The Shinnecock Nation expects to begin construction next week on its long-planned medical marijuana dispensary and wellness center on Montauk Highway, the first step in what the tribe and its business partners hope will be multi-pronged economic venture that will generate tens of millions of dollars for the tribe and could make it a major wholesaler of cannabis products statewide.
The 5,000-square-foot dispensary building and 2,500-square-foot wellness center are due to be completed and open for business by the end of the year. The facilities will provide a dozen or so jobs for tribe members and have been forecast to generate up to $10 million a year in revenue, almost out of the gate — and far more if New York State loosens its rules on recreation pot use.
The dispensary will be a retail business, selling cannabis products to those who carry state approved medical marijuana cards. The wellness center will host a variety of programs and events exploring the use of cannabis for medicinal purposes and other holistic approaches to improved physical and spiritual health.
Once the first two facilities are up and running, the tribe and its development partner, Conor Green Consulting, plan to begin work on a marijuana plant cultivation facility that is envisioned to ultimately be a sprawling growing, packaging and shipping operation anchoring a wholesale marijuana business that will reach far from the tribe’s home on Shinnecock Neck.
“Next week is just the start,” said Bryan Polite, chairman of the tribal Council of Trustees. “[The cultivation facility] is going to be a large scale operation. Enough to be a large scale distributor for the rest of New York.”
Mr. Polite said that the scale of the cultivation facility looks well past New York’s current allowance of growing and using marijuana for medicinal uses to an anticipated lifting of the state’s restrictions on adult recreational use.
“Then it’s a whole different game,” Mr. Polite said. “We’re going to be building now in anticipation of that.”
The tribal chairman said that even the substantial revenues that are expected in fairly short order from the dispensary and wellness center, will be a significant boost to the social programs, housing assistance and infrastructure on the tribal territory.
Chenae Bullock, the head of Little Beach Harvest, the tribal corporation that will own and operate the marijuana and wellness programs, said that she sees an even stronger foundation underlying the new venture: one that is already re-engaging tribe members in their agrarian history and fostering closer relationships between generations within the tribe that suddenly have newly merged interests.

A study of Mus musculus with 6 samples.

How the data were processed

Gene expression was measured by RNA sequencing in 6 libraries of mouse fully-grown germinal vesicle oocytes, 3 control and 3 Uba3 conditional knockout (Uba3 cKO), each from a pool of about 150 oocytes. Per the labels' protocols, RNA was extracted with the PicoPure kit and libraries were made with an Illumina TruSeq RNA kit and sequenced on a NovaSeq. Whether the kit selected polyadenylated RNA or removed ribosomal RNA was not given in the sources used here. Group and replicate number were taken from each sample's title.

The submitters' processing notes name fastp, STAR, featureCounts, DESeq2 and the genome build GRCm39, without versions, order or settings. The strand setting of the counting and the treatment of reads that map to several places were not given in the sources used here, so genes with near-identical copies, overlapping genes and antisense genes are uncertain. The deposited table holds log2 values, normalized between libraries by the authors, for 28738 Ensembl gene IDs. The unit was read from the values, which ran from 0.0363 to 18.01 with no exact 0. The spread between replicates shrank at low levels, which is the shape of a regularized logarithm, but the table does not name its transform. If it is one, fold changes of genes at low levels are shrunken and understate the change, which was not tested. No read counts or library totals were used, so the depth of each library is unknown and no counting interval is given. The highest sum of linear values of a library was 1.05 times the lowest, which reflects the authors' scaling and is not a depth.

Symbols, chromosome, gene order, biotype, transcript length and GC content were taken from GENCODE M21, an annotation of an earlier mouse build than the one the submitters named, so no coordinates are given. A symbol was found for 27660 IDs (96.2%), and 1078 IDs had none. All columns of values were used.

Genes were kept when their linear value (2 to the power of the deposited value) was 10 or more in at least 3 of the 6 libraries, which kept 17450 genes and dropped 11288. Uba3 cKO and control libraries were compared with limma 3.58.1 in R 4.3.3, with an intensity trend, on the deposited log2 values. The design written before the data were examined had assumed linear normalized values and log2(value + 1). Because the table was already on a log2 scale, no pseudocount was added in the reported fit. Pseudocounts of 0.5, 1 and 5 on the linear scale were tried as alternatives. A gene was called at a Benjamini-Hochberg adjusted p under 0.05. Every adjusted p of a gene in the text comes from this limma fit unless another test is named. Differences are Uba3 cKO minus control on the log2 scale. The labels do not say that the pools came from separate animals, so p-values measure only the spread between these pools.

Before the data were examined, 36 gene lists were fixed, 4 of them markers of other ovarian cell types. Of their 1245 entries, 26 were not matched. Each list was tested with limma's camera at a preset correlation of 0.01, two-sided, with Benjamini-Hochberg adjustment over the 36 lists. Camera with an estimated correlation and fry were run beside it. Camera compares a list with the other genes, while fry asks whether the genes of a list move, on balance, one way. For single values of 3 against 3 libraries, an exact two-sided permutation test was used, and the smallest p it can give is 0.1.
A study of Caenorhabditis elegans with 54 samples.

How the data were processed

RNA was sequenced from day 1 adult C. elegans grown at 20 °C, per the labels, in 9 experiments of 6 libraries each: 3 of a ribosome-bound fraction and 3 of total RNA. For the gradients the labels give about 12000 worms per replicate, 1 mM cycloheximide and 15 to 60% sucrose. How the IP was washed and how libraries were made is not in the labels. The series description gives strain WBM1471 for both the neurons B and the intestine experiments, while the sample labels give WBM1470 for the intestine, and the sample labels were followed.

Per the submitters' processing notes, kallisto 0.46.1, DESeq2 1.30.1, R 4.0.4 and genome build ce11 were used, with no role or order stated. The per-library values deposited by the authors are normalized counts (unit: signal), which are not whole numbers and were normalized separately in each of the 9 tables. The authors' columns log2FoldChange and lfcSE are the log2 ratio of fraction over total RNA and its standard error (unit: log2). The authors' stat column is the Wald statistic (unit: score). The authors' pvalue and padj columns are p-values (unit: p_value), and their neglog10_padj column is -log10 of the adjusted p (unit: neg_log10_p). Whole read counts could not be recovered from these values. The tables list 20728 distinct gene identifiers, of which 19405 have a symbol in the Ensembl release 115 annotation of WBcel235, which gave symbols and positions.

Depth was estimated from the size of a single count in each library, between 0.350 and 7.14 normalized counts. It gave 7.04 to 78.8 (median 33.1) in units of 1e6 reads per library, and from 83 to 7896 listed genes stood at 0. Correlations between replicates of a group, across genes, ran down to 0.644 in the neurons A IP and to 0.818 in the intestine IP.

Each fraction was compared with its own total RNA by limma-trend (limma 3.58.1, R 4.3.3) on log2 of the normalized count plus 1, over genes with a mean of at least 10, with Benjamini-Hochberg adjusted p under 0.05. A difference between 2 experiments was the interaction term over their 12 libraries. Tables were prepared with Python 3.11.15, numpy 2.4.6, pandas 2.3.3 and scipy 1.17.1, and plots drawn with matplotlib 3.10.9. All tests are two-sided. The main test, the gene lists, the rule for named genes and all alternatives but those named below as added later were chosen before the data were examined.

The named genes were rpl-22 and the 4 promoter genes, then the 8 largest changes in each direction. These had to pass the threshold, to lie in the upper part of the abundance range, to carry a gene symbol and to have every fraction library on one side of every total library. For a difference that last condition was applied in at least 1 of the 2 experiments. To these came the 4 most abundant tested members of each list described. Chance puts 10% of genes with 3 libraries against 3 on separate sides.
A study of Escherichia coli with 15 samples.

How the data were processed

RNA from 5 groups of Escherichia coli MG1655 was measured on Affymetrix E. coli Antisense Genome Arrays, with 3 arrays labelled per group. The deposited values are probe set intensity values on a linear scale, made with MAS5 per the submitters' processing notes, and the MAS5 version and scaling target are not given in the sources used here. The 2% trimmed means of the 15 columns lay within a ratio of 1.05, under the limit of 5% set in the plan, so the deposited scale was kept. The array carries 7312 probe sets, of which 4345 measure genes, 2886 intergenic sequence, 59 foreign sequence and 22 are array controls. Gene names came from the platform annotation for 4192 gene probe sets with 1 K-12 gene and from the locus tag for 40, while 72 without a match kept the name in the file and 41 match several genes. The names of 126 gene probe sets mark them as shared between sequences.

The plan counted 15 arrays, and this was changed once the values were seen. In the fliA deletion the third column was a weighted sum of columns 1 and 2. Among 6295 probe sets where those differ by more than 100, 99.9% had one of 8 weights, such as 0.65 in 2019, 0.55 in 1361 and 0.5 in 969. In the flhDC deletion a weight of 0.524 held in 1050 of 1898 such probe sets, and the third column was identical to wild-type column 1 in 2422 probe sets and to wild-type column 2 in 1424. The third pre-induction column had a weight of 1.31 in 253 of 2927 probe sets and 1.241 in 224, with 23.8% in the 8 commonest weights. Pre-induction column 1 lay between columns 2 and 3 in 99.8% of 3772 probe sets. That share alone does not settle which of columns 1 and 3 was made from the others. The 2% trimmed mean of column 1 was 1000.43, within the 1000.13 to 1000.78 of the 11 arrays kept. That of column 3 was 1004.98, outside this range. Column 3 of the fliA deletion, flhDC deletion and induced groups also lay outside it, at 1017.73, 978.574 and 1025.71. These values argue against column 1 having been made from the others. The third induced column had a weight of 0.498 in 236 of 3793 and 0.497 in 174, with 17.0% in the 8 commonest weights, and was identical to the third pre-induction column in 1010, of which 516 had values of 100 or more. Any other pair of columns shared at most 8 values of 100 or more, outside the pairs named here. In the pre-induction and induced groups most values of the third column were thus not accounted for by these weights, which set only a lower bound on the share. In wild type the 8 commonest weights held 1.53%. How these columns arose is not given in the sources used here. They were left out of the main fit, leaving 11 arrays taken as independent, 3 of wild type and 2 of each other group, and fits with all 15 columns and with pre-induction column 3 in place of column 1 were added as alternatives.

The many needs of a major operation like the cultivation facility and the varied opportunities of the wellness center’s exploration of health, will provide a professional development launch pad for tribe members into innumerable career opportunities from horticulture to functional medicine to marketing, both on and off Shinnecock.
The cultivation and wholesale operations are expected to generate up to 100 new full-time jobs, for which members of the tribe will get first preference.
The tribe’s business consultant, Todd Bergeron, said that construction of the cultivation facility — at a former dump in the interior of the 800-acre reservation — is expected to get underway next year, and will take nearly a year to complete.
Conor Green Consulting started out partnering with tribes in gaming facilities before being sold to Mr. Bergeron, who had been one of the company’s investors and is now steering it toward a focus on tribal marijuana facilities. The Shinnecock project is its first venture in the field.
The company expects to invest between $20 million and $40 million in the tribe’s operations, depending on how evolving state rules drive the demand for expanding the cultivation operations.
“These are high-tech facilities,” Mr. Bergeron said. “From advanced HVAC, to water filtration and lighting. It’s pretty massive.”
Conor Green is contracting with a national company — which he declined to name — that has designs and operates large-scale commercial marijuana programs around the county to help avoid “all the mistakes an upstart operation makes … and can execute flawlessly from the beginning. That’s a major advantage.”
Revenues, Mr. Bergeron said, are expected to be in the $10 million to $15 million range from medicinal sales and many times that if recreational use is allowed.
“The potential for adult use in New York is $2.5 billion in retail sales,” the Chicago businessman said.
The tribe began pursuing setting up a medical marijuana dispensary in 2016, but the effort languished before being picked up again by the tribal leadership in 2018. After a groundbreaking ceremony over the winter and the clearing of the property, near the tribe’s cultural museum, the project had to be put on hold because of the coronavirus epidemic. But now, the tribal leaders are eager to get the project rolling full steam ahead, Mr. Polite said.
Mr. Polite said that even with the potentially grand scale of the marijuana operation, it still may not be the tribe’s brightest economic hope. The Shinnecock have not given up their tumultuous aspirations for someday also owning a casino. After the disastrous dissolution of the first casino push, the tribe last year approved a new casino development partnership with the Seminole Tribe of Florida, who own most of the Hard Rock restaurant, hotel and casino chain, and New Jersey developer Jack Morris on plans for a Shinnecock casino. Mr. Polite said the effort is still in the very early stages. The cannabis operations will grow in parallel with that effort, he said.
“This is just going to be one of many projects that the tribe is pursuing so that we are diversified and not putting all our eggs in one basket,” Mr. Polite said. “But outside of a casino, we expect this would be our biggest revenue generator and biggest job creator.”